A review of our 2023 calls and some predictions for this year

Looking back at our last year’s predictions, the calls turned out to be a mixed bag. Although we correctly predicted that China will disappoint bullish market expectations at the time, our calls for our own market in Japan proved too conservative as the BOJ did not dramatically alter its monetary policy as we had thought, leaving the yen weak, and shares of multinationals and exporters relatively strong against our expectations. 

Moreover, changes to shareholders returns pushed through by Japan Exchange in early last year proved to be a big catalyst for outperformance of value stocks in Q2 and Q3. Nevertheless, despite BOJ’s inaction, our Japan market strategy of sticking with financial stocks which we had carried over from 2022 proved very fruitful and it was only in December when we decided to lower our suggested high exposure to the sector which we thought had become overcrowded with bulls.  

Another notable change in our suggested investment stance entailed turning from a positive to a negative posture on Japan’s auto sector in October, after a very strong performance from the related plays which we thought had fully priced in the recovery in auto output following the disappearance of chip shortages which had disrupted sales in 2021 and 2022. The notable loss of market share by Japanese car makers in China where they are badly trailing domestic EV makers has also become one of our major concerns. 

Moving on to this year, some of the current known unknowns that could disrupt global trade include rising geopolitical tensions with China, escalating war in Eastern Europe and expansion of the regional conflict in the Middle East. All of the above risks look plausible and keep us highly vigilant as they could unfold fairly quickly engulfing capital markets. In Japan, we also see more political turmoil ahead which we suspect is likely to force Kishida-san to resign as PM before April which we hope will pave the way for new leadership that could usher in an era of more fiscal discipline and broader economic reforms.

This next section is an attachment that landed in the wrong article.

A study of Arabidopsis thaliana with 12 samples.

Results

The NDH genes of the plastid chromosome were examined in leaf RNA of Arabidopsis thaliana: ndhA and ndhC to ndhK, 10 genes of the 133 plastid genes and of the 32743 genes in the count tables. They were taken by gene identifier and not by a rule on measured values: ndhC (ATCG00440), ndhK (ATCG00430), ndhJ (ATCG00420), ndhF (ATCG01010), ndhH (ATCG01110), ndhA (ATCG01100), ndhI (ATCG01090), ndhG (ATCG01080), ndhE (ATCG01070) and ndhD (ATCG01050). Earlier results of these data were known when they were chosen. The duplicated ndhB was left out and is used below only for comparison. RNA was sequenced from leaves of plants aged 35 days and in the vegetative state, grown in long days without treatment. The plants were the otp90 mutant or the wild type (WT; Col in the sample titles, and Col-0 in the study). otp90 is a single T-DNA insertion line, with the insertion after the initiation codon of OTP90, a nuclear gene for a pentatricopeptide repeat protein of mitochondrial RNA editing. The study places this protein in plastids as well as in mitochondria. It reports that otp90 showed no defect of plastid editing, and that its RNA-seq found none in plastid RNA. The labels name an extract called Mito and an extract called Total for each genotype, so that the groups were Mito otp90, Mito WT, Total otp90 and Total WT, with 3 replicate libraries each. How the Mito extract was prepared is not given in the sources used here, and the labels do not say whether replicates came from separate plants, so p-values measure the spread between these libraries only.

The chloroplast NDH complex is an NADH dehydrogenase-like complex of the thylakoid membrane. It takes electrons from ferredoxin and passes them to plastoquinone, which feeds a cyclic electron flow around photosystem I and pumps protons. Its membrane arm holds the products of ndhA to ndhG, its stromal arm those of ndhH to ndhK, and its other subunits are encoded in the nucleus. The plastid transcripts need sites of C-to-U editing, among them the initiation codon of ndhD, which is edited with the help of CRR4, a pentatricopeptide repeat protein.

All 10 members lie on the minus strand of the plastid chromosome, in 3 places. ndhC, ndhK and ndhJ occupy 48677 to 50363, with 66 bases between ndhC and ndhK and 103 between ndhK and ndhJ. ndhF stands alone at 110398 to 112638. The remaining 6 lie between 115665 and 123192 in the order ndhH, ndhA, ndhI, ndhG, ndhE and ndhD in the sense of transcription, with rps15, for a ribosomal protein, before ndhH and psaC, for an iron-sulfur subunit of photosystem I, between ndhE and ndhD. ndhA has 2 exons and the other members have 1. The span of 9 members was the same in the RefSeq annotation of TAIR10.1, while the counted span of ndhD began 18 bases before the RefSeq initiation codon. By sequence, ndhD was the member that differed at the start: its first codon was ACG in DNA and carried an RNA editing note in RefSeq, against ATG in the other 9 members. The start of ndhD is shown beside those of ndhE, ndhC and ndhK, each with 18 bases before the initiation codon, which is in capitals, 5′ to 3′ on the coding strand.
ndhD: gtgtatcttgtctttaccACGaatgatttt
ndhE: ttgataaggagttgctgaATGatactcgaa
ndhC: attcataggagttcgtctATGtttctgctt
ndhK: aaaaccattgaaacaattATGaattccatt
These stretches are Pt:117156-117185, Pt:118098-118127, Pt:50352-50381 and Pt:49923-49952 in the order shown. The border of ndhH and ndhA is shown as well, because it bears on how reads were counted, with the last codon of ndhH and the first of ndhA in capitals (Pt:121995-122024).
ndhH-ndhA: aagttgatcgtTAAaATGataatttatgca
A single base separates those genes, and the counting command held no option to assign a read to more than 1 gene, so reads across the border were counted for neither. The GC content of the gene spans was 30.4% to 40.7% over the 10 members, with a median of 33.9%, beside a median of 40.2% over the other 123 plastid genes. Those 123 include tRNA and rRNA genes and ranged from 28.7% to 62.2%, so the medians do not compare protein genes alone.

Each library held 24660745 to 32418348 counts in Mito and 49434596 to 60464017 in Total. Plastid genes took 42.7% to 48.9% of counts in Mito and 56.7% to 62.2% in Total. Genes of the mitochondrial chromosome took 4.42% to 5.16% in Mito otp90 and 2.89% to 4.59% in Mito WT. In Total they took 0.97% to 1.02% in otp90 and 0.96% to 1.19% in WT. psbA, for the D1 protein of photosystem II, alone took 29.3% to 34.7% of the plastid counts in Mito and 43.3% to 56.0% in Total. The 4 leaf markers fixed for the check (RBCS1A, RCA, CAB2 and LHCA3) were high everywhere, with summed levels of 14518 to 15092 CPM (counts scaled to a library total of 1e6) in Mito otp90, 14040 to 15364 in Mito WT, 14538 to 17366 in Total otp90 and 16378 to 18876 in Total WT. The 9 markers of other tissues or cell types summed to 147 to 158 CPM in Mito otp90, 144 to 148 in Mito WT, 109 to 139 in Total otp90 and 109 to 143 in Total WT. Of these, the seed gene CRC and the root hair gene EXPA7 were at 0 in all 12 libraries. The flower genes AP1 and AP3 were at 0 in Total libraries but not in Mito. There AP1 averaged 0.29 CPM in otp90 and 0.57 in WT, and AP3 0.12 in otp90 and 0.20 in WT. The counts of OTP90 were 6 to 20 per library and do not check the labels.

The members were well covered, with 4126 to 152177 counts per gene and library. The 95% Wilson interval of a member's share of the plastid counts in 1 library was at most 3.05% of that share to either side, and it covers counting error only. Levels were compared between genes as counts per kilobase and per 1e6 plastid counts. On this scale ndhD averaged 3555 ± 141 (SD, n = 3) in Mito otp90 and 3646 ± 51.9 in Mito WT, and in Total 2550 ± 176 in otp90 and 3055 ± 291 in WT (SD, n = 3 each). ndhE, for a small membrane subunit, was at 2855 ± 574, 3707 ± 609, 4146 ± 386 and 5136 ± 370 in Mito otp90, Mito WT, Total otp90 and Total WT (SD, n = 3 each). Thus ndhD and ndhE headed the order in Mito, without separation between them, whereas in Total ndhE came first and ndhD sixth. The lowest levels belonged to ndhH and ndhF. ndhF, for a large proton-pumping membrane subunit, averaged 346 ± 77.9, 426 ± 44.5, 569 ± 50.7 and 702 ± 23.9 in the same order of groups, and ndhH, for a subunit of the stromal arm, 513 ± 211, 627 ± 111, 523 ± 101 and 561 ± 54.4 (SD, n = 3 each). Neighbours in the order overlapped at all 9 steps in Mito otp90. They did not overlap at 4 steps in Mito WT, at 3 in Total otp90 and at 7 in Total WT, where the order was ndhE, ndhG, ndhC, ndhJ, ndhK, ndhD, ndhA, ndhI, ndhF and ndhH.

Also, just like last year we think the yen remains significantly undervalued and is likely to continue to strengthen following its notable trend reversal last November as US interest rates look to have peaked out. Unlike last year, however, we suspect much of the yen’s recovery will come more from weaker dollar against other major currencies while BOJ’s likely pivot in its monetary policy will prove more incremental as pressures from the weak yen and falling JGB market have greatly dissipated. Needless to add, appreciating Japanese currency will likely remove one major tailwind for shares of Japan’s multinationals and exporters whose earnings have been greatly flattered by the weak yen in the past two years. Indeed, we think that Japan’s manufacturing sector is likely to fall into a recession while we expect domestic and service-related segments to outperform the market as the coming wage increases help support consumption while inbound tourism in Japan continues to boom. 

Although we think we should continue to see listed firms strive to improve their shareholder returns and corporate governance, and these efforts will help keep Japan’s stock market in vogue among international investors in the medium to longer term, we also see the near term headwinds mentioned above keeping the overall market somewhat range bound, at least for the first half of 2024. We thus expect stock picking to prove more pivotal this year and more neutral long/short strategies to have an edge over long-only ones. 

Drilling down, we also think the potential for bottoming out of semiconductor capex, led by AI investments and recovery in smartphone demand will likely be tempered by the eventual exhaustion of Chinese hoarding of equipment combined with possible tighter export restrictions of capital goods to the region. We thus believe such elevated sales to Chinese chip makers stemmed from front-loading of their investment plans to stay ahead of any potential further tightening of export restrictions look unsustainable. 

Meanwhile, we see Chinese tech firms increasingly sourcing their capital goods and material needs locally wherever they can. Indeed, we see this trend taking hold across many segments of the industry such as EVs and factory automation tools where percentage of local content is increasing significantly, threatening to shut out key Japanese component suppliers out of China’s big markets. 

Finally we wish all our readers a peaceful and a prosperous 2024.